By Brittany Merkel and Shannon Russell
Throughout history, at one point or another, every generation has faced tragedy. Since some nursing homes are closed or not allowing visitors, we asked our grandparents about hard times they experienced while they were growing up compared to today.
When asked the question “What hard times did you face in your generation compared to today?” Brent Matthews, 64, said, “I had to enlist for the Vietnam War at the age of 18, right before I graduated high school.” His brother was already serving in the Vietnam War, which was very hard. He also said that by the time he had graduated from high school they stopped the draft. Matthews mentioned that he had witnessed the civil rights movements and some of the riots. Another hard time he remembered was the Space Shuttle Challenger Disaster of 1986. Brent also said he remembers a small amount of the assassination of John F. Kennedy. He said he was only in the second or third grade when it happened, but he remembers a lot of people being upset about it. Other than the Vietnam War, Matthews said this pandemic is the worst thing they have ever seen in their time.
When we asked Regina Matthews, 61, the same question, she answered by stating that growing up with a different skin color was very difficult. She said it was very hard for her because people looked at her differently than her parents and siblings had. People still do this today and she can remember one incident that happened at a store. To this day she refuses to go into the store because of what happened in 2008.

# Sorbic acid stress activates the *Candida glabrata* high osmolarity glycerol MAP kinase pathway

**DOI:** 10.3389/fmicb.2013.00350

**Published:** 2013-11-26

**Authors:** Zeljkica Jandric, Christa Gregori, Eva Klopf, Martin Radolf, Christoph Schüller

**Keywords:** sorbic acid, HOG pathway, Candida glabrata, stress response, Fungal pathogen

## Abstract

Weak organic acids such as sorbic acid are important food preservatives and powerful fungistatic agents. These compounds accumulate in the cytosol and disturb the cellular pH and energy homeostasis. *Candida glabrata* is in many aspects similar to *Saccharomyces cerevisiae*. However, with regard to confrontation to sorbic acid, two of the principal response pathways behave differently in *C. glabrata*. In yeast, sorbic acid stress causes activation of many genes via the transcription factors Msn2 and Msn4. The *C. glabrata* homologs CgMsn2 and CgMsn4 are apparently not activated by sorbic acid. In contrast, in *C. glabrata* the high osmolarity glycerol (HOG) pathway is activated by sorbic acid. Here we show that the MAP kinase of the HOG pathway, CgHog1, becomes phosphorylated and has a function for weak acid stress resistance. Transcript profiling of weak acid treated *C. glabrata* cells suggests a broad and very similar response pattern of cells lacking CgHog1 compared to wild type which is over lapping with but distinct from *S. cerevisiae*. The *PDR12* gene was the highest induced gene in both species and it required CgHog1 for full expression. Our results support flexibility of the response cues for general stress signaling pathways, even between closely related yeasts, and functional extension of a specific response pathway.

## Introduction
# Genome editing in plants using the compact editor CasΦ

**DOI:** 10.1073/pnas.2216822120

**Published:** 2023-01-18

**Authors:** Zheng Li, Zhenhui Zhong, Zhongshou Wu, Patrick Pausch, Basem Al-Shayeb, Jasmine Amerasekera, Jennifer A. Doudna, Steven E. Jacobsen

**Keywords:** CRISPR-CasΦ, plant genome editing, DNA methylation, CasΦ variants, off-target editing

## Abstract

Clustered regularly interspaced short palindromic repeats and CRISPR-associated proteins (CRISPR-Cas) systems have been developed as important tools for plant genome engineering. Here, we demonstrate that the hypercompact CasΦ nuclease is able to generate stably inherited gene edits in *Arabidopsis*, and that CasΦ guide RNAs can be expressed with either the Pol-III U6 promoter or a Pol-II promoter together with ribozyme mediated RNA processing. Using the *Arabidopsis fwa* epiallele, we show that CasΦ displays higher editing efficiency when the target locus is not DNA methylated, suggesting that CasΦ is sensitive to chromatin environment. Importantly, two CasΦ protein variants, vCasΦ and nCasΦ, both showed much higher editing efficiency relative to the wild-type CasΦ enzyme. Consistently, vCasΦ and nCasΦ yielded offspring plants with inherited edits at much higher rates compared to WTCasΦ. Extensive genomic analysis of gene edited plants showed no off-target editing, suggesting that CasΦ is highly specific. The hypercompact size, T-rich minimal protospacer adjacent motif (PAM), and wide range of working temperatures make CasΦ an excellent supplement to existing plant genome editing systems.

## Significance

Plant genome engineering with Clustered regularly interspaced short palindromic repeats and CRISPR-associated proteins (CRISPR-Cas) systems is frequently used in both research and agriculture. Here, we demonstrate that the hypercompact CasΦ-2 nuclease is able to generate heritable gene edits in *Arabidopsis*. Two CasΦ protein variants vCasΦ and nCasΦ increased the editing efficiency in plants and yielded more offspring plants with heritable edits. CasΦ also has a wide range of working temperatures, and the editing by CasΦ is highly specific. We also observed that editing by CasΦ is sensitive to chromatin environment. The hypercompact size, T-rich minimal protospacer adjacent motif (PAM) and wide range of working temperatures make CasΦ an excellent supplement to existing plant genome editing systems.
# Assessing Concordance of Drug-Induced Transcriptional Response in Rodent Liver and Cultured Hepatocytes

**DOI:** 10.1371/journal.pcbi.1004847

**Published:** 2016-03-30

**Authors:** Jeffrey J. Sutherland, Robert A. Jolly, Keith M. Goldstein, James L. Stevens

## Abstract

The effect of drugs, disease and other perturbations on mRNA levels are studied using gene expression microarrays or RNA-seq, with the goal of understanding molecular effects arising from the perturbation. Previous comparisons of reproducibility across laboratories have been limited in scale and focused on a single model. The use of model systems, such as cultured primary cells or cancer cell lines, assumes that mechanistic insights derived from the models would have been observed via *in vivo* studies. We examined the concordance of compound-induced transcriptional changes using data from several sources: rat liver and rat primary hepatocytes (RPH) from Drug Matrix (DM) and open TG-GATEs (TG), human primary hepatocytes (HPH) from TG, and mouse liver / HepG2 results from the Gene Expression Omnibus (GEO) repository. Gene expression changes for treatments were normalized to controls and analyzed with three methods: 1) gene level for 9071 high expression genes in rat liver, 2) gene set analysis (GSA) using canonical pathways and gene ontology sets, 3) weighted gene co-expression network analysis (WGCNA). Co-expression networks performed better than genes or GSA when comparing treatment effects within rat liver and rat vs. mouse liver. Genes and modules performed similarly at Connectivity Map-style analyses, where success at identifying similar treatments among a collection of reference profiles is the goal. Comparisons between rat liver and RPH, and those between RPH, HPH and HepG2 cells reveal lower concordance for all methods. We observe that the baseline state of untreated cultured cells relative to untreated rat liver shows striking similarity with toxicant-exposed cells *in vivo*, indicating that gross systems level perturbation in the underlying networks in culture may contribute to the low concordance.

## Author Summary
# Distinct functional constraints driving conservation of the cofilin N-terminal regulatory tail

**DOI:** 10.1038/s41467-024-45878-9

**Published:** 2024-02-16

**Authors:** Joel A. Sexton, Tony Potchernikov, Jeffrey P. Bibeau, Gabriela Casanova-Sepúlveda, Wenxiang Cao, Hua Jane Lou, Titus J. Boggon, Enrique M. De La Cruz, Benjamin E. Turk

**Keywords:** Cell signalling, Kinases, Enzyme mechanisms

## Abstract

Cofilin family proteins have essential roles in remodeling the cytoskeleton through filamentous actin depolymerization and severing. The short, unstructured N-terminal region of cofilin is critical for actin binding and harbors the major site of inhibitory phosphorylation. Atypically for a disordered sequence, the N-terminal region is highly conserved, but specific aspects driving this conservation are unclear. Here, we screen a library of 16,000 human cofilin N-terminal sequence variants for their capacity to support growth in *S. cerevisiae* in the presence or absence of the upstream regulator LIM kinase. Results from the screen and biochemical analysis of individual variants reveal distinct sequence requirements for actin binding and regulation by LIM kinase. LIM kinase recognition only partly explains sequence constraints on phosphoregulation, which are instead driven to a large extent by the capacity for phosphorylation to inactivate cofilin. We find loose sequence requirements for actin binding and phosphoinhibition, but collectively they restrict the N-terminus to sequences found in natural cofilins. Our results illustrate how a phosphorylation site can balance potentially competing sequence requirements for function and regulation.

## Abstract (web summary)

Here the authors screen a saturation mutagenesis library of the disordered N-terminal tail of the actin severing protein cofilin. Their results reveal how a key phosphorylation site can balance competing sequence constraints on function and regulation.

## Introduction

Phyllis Allen, 80, said she recalled a lot of differences between her generation and today’s. She started by going through her life in order, “I wasn’t old enough to really experience it but I know the Depression and World War II were big deals for my family.” It was hard for everyone. “When I was about six, at the end of the war, all the food was being rationed. I had a stamp book to buy food, we all did.” In fact, she still has her family’s food stamp books saved.
“Communication was a big thing because no one knew where we were. When we moved we had party lines with the neighborhood. In about ‘62, we would have to pick up the phone and see if anyone was using it before we could call out.” Communication has changed so much throughout the past decade alone with all types of new technology. “I remember Vietnam; it didn’t affect me as much personally as others but the country really came together. And it was the first war that we could turn on the TV and see footage of our men at war. No other war had that much communication in the media. There was none in Korea or World War II.”
When asking in more depth about the effect of Vietnam, Allen remembered wearing bracelets through the whole war. She explained that there was an organization who would make bracelets with names of those Missing in Action or Prisoners of War and give them out. Her whole family and friends would wear them and just hoped for those men to come home. “We were really just worried about them being out there. They’re all brothers, husbands and sons. I would pray for mine to make it home but we would never know.”
As a final question we asked her about the coronavirus and other pandemics she had faced in her life. She named polio first: “The biggest thing when I was a child was polio! Everyone was getting polio! And then all of the sudden there was a vaccine and that was that.” She stated that polio was definitely the worst for her generation, with the swine flu being second. In regards to today’s pandemic, she doesn’t feel that it’s anything like polio was. “I could be totally wrong but the media just keeps talking about this virus and it’s the first time that we’ve had something like this. The media is reporting everything, all the time! There’s so many mixed numbers and ideas but with polio we had no current reports. We didn’t have numbers thrown around, we just had an outbreak and deaths and knew it was severe but nothing like today.” She finished the interview with a few more stories from her lifetime.
With everything going on in today’s world, it is hard to know what each generation will face. It’s interesting to see how two people of the same generation can have such opposite experiences, and how hard times can be easier for others.